One of the biggest events in the advertising world took place on Sunday – The Super Bowl. As ever, competition for space, coverage and making an impact was fierce amongst brands as they looked to capture the hearts and minds of the world’s audience.
But it doesn’t come without a cost. This year, a 30-second advertising slot cost between $5 million and $5.2 million – and that’s just for the space to show the ad. That said, there is certainly no shortage of takers. This year snack brands were amongst one of the strongest categories, with nine brands advertising during the game, up from five last year. There were seven automotive brands running eight ads in the game, compared to six in 2019. And there were eleven first-time advertisers, on par with last year.
But is it worth the investment? Quite simply, for brands looking to make a statement and connect with an engaged audience, there’s nothing like it in the world. But the event goes way beyond what is on the screen and how adverts are delivered, and where, often sets the tone for the year ahead in the industry. Here’s five things we learnt from this year’s Super Bowl:
Brands looking at different routes to success
Brands don’t just tell a story during the Super Bowl. It’s the before, during, after and around it too – that’s what makes it so all consuming. For instance, teaser content means advertisers can tell a story that resolves during the game and early release of ads use social discussion, PR and consumer anticipation to help own a moment. But as online and TV viewing audiences become more indistinguishable, brands are looking at different routes to success. Looking ahead, we’re likely to see brands creating advertising strategies that augment the best of digital with traditional advertising methods to provide a more connected, targeted and engaging experience.
Humour and emotional connections are key
This year, humour was the prevailing tone of the creative, as advertisers looked to ease the mood of the US with a few laughs. The big winner being Jeep recreating Groundhog Day with Bill Murray. The commercial’s pitch – that Bill doesn’t mind being stuck in an endless loop because he’s having such a blast – is perfect and strikes a chord with multi-generational viewers. It reminded us that making an emotional connection to stick with viewers has never been more important. This is particularly relevant in the UK where humour plays such a key role in our cultural psyche and delivering messages in context is becoming increasingly valuable.
Increase in Out of Home
There’s been a significant increase of OOH being included as part of the wider marketing-mix around Super Bowl. But why? Typically speaking, investments in TV spots and digital campaigns can become costly and by investing in high-impact media like OOH and digital OOH, your reach is widened through a cost-effective approach. It’s a trend we’re likely to see continue growing in the UK, as OOH becomes the last of the advertising mediums to become digitised. The rise in programmatic OOH means that campaigns can become more targeted and measurable, including opportunities to tailor your advert to surrounding areas.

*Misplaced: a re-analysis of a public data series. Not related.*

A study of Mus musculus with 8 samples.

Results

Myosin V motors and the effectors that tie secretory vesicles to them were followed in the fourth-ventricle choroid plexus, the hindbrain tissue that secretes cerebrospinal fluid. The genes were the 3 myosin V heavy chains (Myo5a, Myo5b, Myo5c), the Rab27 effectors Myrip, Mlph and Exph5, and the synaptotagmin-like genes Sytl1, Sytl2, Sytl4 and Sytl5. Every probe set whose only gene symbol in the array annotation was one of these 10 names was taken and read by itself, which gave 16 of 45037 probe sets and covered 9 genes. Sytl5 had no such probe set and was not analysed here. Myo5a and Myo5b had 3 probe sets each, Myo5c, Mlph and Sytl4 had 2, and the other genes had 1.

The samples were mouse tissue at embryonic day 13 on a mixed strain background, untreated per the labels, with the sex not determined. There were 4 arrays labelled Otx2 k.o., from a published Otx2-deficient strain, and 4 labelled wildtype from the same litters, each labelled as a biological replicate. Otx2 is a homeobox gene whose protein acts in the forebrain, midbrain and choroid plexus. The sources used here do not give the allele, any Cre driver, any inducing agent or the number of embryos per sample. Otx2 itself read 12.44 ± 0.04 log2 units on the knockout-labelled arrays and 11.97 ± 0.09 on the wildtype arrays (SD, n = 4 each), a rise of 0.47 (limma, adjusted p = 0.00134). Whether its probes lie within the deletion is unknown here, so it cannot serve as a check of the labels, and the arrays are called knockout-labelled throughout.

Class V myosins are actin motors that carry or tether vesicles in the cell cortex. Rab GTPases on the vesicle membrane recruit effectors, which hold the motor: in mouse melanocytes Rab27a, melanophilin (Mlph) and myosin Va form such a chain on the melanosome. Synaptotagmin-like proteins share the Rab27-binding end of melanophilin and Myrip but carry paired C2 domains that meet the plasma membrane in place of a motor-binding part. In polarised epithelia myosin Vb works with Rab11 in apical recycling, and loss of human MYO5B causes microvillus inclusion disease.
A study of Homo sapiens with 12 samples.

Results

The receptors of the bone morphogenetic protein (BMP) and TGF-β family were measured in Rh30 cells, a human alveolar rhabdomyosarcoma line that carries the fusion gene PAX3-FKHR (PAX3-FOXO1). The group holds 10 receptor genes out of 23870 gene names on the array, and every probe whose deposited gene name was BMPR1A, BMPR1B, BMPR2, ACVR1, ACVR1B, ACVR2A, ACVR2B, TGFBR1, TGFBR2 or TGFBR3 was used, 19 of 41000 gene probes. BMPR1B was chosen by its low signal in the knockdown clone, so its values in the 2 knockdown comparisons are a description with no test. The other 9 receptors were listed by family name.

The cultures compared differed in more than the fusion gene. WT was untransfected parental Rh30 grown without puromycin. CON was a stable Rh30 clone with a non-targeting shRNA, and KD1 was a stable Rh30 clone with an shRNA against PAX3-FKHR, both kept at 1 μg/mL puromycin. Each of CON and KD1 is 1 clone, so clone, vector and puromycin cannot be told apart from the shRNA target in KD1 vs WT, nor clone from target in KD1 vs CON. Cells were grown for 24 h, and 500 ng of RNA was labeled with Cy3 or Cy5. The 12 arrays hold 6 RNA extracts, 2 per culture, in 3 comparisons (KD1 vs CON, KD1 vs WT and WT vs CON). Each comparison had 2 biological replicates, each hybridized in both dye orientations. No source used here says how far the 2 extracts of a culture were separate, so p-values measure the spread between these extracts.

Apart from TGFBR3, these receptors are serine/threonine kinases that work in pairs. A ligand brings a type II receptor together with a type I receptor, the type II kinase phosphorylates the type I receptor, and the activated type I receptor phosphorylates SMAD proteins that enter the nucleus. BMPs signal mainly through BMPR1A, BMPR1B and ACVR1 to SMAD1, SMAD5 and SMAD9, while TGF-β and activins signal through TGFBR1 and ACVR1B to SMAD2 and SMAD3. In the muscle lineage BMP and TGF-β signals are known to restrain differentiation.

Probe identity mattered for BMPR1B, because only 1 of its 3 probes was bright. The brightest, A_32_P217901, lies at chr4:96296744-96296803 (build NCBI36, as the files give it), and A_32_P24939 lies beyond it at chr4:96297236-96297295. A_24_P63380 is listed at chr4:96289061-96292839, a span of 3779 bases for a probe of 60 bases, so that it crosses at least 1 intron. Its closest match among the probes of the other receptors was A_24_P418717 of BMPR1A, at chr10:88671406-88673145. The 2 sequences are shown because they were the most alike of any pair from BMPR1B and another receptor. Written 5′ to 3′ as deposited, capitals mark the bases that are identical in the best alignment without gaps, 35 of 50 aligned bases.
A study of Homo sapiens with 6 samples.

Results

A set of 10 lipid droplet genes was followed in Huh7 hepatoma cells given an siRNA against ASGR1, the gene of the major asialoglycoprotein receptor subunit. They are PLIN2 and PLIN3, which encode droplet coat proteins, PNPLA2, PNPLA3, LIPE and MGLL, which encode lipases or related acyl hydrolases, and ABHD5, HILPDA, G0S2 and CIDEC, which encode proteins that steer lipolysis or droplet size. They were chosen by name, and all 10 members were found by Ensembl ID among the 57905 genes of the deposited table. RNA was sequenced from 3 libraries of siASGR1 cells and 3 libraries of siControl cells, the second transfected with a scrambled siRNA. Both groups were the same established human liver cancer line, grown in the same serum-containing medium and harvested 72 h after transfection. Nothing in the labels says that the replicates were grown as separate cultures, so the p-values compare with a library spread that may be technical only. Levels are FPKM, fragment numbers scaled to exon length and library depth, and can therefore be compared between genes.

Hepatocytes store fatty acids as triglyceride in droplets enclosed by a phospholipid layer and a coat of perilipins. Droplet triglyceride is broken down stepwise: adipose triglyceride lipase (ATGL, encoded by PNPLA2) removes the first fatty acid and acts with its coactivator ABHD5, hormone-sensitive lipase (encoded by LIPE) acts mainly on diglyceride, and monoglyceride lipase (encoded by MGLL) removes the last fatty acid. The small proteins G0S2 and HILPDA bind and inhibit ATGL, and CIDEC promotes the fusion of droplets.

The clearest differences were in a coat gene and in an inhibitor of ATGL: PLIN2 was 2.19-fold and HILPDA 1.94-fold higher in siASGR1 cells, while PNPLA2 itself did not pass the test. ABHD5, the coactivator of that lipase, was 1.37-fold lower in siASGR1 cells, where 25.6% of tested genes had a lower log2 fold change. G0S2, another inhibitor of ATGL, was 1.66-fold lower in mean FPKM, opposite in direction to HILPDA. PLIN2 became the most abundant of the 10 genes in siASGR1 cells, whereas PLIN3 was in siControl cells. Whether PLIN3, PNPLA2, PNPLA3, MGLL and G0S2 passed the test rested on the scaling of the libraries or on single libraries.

Targeting today’s consumers
Consumers’ anticipation and expectations around Super Bowl ads aren’t just a bar advertisers have to meet, but a tool to surprise and engage viewers. This is because consumers are more likely than ever to stray from brand-specific purchases and brand loyalty. Today’s consumers are inconsistent- they seek products and services that fit into the context of what they need at a specific moment, driven by a specific set of ever-changing circumstances.
Being able to react, and adapt to this is almost real time and where advertisers will win. By using a medium like digital OOH, this can help reach new audiences and build on event promotions. Digital OOH can also be used to ring-fence events to follow the consumer journey, and thanks to programmatic, target these audiences along their journey in the following days to elongate your brand impact and, result in a longer lasting experience.
Worth the investment?
There are some that argue TV advertising around the Super Bowl is a waste of money. Yes, it gets attention but there’s little to no follow-up and that $5m investment could have been made to work harder via a broader spread of media coverage; PR, experiential, social and OOH where content can be tailored and measured with specific variables. This was traditionally difficult with OOH sitting in a silo but, thanks to programmatic, that’s no longer the case. With programmatic OOH, you can deliver a more unified, holistic campaign and consumer experience in a brand safe and fraud-free digital medium.
Jean-Christophe Conti is CEO of OOH platform VIOOH.